The ultimate luxury hotel-room perk? A Ferrari, McLaren and Porsche drive

Brett Berk
Contributing Editor, Autos
Waldorf supercars

There has long been a functional link between luxurious hotels and fine transportation. Back in the late 19th century, when train tracks were being laid to link up America’s manifest destinations, the railway companies would often build posh accommodations near the stations at which their locomotives stopped. In order to ferry passengers from one to another, they often maintained a fleet of horse-drawn vehicles — vehicles that came to be known as “station wagons.”

Once the automobile came to prominence in the 20th century, hotels advanced as well. Factory-built station wagons, often with hardwood frames and bodies, became the norm in shuttle transport, with Ford dominating the market with its Model A Wagon.

Cadillac has continued this tradition into the modern day, recently renewing its partnership with the Broadmoor, as well as engaging in exclusive vehicle contracts with the Trump resorts, the Deer Valley resorts, and American Express’ Inspirato group—the Black Card of luxury timeshares. BMW has engaged in an exclusive contract to provide chauffeur-driven 7-Series sedans for guests at the five-star SLS hotel chain. And, with their BMW i electric sub-brand, they will perform a similar but self-driving function for guests at the private-club franchise, Soho House.

Waldorf-Astoria driving experience

Now, the Waldorf-Astoria chain of ultra-luxe resorts has gotten into the contemporary station wagon game, in its own unique way. Its new $999 “Driving Experience” program — which just launched at six of its properties in California, Arizona, Florida, and Louisiana — puts guests behind the wheel of three incredible supercars for a three-hour blast through the local landscape. But this program is not directly affiliated with a manufacturer, and thus isn’t about selling cars. It’s about the high-end hospitality industry’s latest quest: dispensing experiential exclusivity.

“The Waldorf Astoria experience in one word is, unforgettable,” says Stuart Foster, vice president of marketing, luxury brands, for Hilton Worldwide, which owns the Waldorf-Astoria chain. “With this experience you get to drive three incredible cars in truly inspiring destinations. That’s unforgettable.”To that end, for the launch of this program, Waldorf chose the Ferrari 458 Italia Spider, McLaren MP4, and Porsche 911 Turbo. Cars that are, according to Foster, “signature models within iconic brands known for quality and performance, and those that exude luxury.”

To help select the vehicles and routes, Waldorf enlisted the assistance of Didier Theys. The Belgian motorsports driver and Ferrari’s racing coach runs DXL, a company that owns fleets of supercars and providesopportunities for civilians to get behind the wheel. “You can’t just walk into a dealership and test drive a Ferrari,” Theys tells us, as we sip iced tea at the Boulders Resort and Club in Scottsdale, Ariz. “This is something unique—to drive the top of the world’s exotic cars at a place that is at the top of the luxury hotel business.”

The quest for uniqueness is not a simple one. The Boulders already offers guests once in a lifetime adventures like Grand Canyon helicopter tours, desert fly-fishing, moonlit mountain biking, 5,000-year-old East Indian Ayurvedic massages, and onsite hot-air balloon rides. In order to achieve the unforgettable, Theys will arrive at a Waldorf resort up to two months in advance to scout out the perfect route: one that will showcase the local scenery and topography, provide a safe yet challenging sense of adventure, and give driers the opportunity to truly enjoy the cars.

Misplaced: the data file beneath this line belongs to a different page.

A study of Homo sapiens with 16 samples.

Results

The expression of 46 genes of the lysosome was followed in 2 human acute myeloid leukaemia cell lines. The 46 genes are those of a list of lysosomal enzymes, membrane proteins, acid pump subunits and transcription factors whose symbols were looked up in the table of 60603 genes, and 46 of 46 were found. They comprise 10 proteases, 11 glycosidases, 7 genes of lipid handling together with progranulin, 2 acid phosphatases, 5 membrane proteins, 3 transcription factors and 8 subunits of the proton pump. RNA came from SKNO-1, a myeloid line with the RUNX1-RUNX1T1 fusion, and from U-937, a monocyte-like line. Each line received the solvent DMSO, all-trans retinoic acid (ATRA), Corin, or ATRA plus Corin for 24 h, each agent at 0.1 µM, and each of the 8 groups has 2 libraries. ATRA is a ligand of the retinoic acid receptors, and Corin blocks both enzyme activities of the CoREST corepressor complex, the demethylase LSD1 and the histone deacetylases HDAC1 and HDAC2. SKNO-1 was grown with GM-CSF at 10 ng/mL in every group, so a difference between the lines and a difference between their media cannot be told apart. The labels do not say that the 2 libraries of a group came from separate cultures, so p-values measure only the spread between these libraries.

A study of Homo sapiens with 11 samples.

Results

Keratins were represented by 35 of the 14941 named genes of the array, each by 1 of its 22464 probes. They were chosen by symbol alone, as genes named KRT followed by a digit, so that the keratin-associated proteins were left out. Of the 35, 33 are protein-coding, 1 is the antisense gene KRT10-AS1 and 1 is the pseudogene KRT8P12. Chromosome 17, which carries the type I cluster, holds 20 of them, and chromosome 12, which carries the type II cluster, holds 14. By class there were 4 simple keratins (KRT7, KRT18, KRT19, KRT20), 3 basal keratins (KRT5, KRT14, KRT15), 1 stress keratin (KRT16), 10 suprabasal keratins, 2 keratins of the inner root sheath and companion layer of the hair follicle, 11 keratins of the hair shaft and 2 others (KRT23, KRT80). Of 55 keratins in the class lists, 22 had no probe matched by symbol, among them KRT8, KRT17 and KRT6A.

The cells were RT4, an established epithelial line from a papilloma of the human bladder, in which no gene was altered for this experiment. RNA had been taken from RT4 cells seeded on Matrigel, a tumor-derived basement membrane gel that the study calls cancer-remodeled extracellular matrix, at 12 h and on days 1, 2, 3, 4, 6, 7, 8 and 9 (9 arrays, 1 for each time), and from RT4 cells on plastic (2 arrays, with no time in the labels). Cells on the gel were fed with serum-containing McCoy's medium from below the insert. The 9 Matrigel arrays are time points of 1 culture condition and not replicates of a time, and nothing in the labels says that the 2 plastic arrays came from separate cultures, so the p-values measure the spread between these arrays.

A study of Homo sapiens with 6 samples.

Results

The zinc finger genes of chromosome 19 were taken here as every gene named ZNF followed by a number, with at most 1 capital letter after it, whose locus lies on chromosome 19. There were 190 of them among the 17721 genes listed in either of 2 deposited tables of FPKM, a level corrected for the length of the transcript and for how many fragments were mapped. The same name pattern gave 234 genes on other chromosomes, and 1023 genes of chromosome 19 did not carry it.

Waldorf-Astoria supercars

This is no simple process. He scours the countryside, consults maps, scans Google Earth, and trawls online motorcycle forums (“Those guys know the best roads.”) Since the pathway is more important than the destination, he has an advantage over other location scouts. “I look for a great road that doesn’t go anywhere,” he tells us. “If you find a road that has no destination attached, chances are there won’t be other people on it.”

He gives the same attention to the cars he selects. In the interest of rounding out drivers’ experiences, he intentionally selects vehicles that are both “extremely capable, and a good mixture of different automotive cultures—a very charismatic Italian Ferrari, a perfectionist British McLaren, and the everyday precision of the German Porsche.”

We are fortunate enough to have driven all of his chosen vehicles numerous times in the past. But even given our jaded background, we’d never had the opportunity to get behind the wheel of all three of them, serially, on spectacular roads and with a champion racecar driver as our escort. This was a once in a lifetime experience, and truly showcased and enunciated the different ways in which each of these vehicles go about making clear their particular proficiencies.

Didier has designed the Waldorf-Astoria program with the goal of returning everyone to the resort “safe, confident, and with a big smile on their face.” (Mission accomplished, in our case.) Of course, he also wants all of the vehicles to arrive back in the same condition in which they left. He’s been lucky so far. “But I always worry,” he says, “that one day, someone might ignore the route and turn left instead of going right, and leave with the car.” He smiles. “He better be a very good driver. Otherwise, I will definitely catch him.”